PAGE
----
If This Happens To Your Feet, It Could Be A Sign Of Kidney Problems

Our feet and ankles work hard every day, supporting our body weight and maintaining balance. Anyone can get swollen and achy feet from time to time, which is often due to too many hours spent standing, walking, or carrying a heavy load. And usually, the best treatment for tired and swollen feet is just giving them a little TLC by sitting back, elevating the feet, and getting some rest.

But feet can become swollen for more serious underlying problems as well. Swelling, also known as edema, happens when excess fluid becomes trapped within the body tissues. This often happens in the feet and ankles, as gravity causes blood to pool in the lower extremities, making it harder for it to recirculate upwards again throughout the body (via Harvard Health Publishing).

The kidneys play a vital role in balancing body fluids and clearing out waste products from the blood (via Advanced Foot & Ankle of Wisconsin). Fluid retention is a common symptom when kidney function is impaired due to infection or disease.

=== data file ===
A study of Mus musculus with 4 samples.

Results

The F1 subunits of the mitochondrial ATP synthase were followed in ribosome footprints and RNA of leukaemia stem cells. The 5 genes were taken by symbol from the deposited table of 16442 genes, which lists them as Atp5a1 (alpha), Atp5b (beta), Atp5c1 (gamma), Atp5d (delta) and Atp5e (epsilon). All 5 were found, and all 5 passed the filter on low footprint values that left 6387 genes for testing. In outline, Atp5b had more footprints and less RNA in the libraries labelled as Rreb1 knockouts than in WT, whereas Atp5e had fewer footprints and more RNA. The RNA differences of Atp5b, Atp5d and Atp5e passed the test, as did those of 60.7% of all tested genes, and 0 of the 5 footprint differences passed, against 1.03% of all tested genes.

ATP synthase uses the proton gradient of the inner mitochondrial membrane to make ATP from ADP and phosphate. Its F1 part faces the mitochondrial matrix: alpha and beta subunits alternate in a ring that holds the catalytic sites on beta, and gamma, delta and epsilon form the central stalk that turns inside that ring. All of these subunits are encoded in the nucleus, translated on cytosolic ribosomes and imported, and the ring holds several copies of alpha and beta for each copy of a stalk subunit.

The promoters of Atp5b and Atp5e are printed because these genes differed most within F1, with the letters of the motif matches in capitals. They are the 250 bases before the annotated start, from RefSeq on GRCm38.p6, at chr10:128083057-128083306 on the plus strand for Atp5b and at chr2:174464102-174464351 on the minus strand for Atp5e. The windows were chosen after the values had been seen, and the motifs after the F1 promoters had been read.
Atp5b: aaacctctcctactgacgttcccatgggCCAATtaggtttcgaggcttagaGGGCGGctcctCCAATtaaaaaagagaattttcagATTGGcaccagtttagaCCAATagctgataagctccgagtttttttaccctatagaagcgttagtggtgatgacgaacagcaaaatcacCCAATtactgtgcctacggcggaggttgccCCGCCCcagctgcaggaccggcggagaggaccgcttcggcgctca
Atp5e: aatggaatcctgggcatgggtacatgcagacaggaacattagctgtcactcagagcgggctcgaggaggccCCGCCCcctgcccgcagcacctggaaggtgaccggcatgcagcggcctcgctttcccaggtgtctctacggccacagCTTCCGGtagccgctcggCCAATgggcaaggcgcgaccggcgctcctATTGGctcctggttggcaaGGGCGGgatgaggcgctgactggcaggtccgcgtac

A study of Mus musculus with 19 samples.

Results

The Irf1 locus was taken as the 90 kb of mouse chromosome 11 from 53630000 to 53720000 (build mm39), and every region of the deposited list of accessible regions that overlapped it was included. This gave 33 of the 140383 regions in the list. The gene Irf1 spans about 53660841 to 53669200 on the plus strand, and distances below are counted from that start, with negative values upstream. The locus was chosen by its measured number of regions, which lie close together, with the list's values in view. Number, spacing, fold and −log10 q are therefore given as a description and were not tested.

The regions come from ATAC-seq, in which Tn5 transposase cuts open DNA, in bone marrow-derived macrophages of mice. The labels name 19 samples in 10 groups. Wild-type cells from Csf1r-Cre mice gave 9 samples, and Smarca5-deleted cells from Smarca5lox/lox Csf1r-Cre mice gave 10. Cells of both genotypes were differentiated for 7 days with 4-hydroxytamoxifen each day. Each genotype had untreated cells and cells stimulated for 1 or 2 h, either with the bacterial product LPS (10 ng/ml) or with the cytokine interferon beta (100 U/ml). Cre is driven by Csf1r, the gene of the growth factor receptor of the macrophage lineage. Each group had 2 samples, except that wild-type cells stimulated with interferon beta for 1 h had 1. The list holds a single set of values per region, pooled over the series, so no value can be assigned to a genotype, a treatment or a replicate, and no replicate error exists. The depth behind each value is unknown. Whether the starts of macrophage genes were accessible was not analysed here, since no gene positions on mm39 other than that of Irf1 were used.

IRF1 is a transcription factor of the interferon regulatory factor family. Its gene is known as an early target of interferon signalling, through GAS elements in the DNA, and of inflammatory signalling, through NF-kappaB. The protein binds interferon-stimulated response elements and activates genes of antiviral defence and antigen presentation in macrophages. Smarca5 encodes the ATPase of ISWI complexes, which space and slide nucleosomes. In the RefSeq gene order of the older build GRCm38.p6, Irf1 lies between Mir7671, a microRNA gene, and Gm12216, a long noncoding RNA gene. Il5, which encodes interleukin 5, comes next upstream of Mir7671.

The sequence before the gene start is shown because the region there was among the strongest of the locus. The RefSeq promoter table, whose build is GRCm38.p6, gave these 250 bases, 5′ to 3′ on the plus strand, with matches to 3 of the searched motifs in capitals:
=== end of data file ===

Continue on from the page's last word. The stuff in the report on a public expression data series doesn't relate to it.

Resting and elevating feet can help reduce swelling

Dr. Britt Marcussen, assistant professor of family medicine at the University of Iowa Carver College of Medicine, tellsĀ Health, "Normally people [with foot swelling] go home and put their feet up, and the body reabsorbs that little bit of extra fluid, and the kidneys just get rid of it. [With] kidney problems, your body has trouble getting rid of that fluid, then that swelling is more marked and more dramatic."

It can be hard to know when swollen feet are a just result of overuse and need a little rest and when they might signal a serious underlying condition. Dr. James Ioli, chief of podiatry services at Harvard-affiliated Brigham and Women's Hospital and co-editor of the Harvard Special Health Report Healthy Feet, advises, "Report your symptoms to your doctor if there's so much swelling that it leaves an indentation if you press your finger into it, or if it has developed suddenly, lasts for more than a few days, affects just one foot, or is accompanied by pain or discoloration of the skin" (via Harvard Health Publishing).

Swollen feet might be your body's way of telling you to take a break, or they might be a sign that it's time to see your doctor. In either case, pay attention to them.